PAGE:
Commanding The Room As A Short Presenter


By Jeffrey Hartman

Published June 2015

Public speaking isnt for everyone. Some people come to life before an audience and thrive on the attention. Others shrink from the stage and avoid any possibility of having to speak publicly. Personality has much to do with this, but so does confidence. For a short guy, the confidence piece sometimes needs some cultivation.



By being consistently competent in all the facets of my job, I earned the respect of my colleagues and of the administrators who supervised me. Respect led to opportunities. I frequently designed and ran professional development sessions in my school. My prowess for leading these allowed me to become an instructor for other district-wide trainings. Eventually, I held an administrative role through which I routinely presented to colleagues in my school and others.



Admittedly, I was conscious of how I would appear to them. I realized they could be distracted by my height. Some might not take me seriously and might consider me too diminutive to be a legitimate authority on anything. Most of the administrators and presenters Ive known have been of average and even above average height. Few were as short as me, including the women.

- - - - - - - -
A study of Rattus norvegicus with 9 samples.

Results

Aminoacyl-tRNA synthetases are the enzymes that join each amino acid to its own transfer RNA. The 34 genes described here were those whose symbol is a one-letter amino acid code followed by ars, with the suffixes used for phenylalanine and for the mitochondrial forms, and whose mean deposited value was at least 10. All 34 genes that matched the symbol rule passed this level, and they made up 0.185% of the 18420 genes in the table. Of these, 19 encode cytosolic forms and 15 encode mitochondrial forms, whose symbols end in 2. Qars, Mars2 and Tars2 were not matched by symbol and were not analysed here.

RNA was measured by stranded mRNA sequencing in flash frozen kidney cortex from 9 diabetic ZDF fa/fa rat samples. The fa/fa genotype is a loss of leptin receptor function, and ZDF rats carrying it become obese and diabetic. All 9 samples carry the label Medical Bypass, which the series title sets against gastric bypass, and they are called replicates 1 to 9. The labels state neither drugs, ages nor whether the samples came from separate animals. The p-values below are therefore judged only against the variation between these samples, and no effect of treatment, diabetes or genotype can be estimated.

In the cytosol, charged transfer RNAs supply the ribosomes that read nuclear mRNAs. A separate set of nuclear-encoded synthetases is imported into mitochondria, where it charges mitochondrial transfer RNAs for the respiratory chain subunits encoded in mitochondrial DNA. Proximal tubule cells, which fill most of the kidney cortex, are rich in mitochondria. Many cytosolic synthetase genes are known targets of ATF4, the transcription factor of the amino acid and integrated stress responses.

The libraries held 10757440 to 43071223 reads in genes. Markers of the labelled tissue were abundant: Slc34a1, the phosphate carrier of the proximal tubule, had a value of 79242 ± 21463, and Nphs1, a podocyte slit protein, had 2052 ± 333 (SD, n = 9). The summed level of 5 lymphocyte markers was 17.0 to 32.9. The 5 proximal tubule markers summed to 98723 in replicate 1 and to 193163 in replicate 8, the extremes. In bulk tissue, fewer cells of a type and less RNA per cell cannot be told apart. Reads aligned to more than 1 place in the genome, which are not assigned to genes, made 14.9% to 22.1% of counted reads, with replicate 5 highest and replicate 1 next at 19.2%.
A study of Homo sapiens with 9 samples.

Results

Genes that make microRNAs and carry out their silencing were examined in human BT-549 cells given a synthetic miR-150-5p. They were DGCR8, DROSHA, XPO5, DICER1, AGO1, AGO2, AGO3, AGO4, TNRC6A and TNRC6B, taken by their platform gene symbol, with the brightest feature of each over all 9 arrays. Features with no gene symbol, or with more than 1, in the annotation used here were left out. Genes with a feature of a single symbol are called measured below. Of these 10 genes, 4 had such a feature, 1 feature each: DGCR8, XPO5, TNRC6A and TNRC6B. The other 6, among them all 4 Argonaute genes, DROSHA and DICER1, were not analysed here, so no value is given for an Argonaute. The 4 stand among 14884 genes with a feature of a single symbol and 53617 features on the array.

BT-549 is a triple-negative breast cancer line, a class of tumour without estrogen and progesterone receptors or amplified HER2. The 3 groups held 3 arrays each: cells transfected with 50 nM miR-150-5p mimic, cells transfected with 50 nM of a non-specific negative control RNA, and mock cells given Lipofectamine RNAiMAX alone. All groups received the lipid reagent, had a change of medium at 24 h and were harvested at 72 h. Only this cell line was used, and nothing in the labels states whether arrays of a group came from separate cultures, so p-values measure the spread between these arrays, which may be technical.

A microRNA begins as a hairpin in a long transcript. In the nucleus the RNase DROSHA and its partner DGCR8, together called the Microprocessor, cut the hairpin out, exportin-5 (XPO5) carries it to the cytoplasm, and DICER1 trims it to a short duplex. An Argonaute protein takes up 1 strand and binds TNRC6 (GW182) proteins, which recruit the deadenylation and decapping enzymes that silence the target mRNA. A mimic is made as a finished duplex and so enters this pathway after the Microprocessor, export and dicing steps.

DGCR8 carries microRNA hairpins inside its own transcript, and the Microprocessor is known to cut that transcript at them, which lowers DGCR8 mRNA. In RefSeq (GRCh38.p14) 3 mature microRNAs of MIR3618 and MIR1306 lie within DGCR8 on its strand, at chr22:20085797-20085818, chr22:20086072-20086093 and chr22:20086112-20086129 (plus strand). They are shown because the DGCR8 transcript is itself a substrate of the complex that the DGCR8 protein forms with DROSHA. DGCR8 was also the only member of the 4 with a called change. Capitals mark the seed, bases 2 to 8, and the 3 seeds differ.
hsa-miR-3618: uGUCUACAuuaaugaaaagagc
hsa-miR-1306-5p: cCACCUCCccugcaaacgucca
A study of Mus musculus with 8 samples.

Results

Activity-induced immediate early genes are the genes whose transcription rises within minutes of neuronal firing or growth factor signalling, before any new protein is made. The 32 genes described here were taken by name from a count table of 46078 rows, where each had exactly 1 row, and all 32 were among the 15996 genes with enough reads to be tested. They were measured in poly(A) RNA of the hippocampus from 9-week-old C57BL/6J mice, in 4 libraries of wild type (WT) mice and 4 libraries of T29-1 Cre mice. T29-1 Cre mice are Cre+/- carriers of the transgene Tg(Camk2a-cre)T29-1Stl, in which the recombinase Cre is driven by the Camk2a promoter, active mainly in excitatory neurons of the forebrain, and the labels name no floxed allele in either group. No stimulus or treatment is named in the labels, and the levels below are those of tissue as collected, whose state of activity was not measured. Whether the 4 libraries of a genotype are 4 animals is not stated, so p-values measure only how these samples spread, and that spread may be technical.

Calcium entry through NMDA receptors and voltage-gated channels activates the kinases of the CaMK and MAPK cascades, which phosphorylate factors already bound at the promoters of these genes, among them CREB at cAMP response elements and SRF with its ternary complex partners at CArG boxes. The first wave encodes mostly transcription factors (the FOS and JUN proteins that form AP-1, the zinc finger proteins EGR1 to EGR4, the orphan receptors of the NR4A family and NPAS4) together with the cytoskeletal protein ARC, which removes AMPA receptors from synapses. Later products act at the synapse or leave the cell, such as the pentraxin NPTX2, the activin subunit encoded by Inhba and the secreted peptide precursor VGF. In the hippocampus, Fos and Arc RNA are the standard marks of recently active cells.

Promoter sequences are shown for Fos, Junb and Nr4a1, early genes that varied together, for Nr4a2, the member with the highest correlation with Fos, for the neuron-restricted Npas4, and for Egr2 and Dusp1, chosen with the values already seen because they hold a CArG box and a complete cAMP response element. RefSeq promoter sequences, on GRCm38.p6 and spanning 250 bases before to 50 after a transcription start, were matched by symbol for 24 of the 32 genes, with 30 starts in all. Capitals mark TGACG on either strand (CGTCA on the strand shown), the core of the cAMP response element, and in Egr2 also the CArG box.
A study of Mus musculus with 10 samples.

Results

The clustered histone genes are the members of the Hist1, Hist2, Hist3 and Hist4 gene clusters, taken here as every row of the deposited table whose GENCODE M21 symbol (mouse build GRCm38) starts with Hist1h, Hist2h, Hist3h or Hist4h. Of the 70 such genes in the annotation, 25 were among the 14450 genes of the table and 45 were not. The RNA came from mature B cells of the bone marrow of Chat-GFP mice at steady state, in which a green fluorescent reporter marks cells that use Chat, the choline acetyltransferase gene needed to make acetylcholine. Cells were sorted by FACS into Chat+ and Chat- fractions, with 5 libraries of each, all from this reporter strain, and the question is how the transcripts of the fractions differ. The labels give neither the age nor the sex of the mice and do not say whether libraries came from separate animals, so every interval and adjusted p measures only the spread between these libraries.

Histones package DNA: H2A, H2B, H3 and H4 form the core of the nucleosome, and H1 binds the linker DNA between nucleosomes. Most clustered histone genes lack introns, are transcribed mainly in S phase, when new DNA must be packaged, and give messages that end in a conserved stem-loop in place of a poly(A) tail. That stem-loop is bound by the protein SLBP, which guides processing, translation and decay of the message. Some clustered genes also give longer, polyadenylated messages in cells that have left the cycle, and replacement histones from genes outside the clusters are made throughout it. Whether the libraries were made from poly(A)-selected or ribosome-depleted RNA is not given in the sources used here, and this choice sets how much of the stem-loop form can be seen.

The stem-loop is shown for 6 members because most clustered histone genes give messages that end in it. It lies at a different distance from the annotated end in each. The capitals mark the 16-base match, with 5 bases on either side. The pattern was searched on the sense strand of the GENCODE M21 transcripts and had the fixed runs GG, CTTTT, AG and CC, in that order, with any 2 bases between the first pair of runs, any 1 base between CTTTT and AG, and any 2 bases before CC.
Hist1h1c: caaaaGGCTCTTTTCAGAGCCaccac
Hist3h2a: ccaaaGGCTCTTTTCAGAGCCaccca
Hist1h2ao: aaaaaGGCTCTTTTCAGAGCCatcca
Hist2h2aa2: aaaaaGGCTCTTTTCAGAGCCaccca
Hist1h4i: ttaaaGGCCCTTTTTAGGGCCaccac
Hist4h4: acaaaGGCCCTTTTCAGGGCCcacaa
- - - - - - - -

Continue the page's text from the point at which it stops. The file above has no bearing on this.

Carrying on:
I decided to not let them notice. My best weapon was my knowledge. I realized I was speaking and they were listening because someone had deemed me the expert. They were waiting for me to share something with them. I couldnt stammer or appear frazzled. I had to deliver forcefully and with the utmost confidence.

To do this right, I made sure I was prepared. I studied what I was presenting until I knew it without notes. I outlined presentations with care, being sure to include a hook followed by content that could move at a lively pace. I rehearsed to get my timing down. I used media sparingly, but made sure I was in command of any I used.



Although I still felt some slight nervousness, I turned this into energy. I didn't want to appear frazzled or frantic by speaking too quickly, but I could appear powerful by projecting. Instead of anxiously pacing or rocking, I moved deliberately closer to select audience members. I tried to be personable, making eye contact and inviting participation. These would be key for any presenter, but I needed to be more than just any presenter.



Knowing my material, presenting it briskly, and being aware of my appearance helped me present with confidence that overshadowed my size. Height doesn't have to limit anyone who wishes to be a presenter. It should be consideration when preparing, though.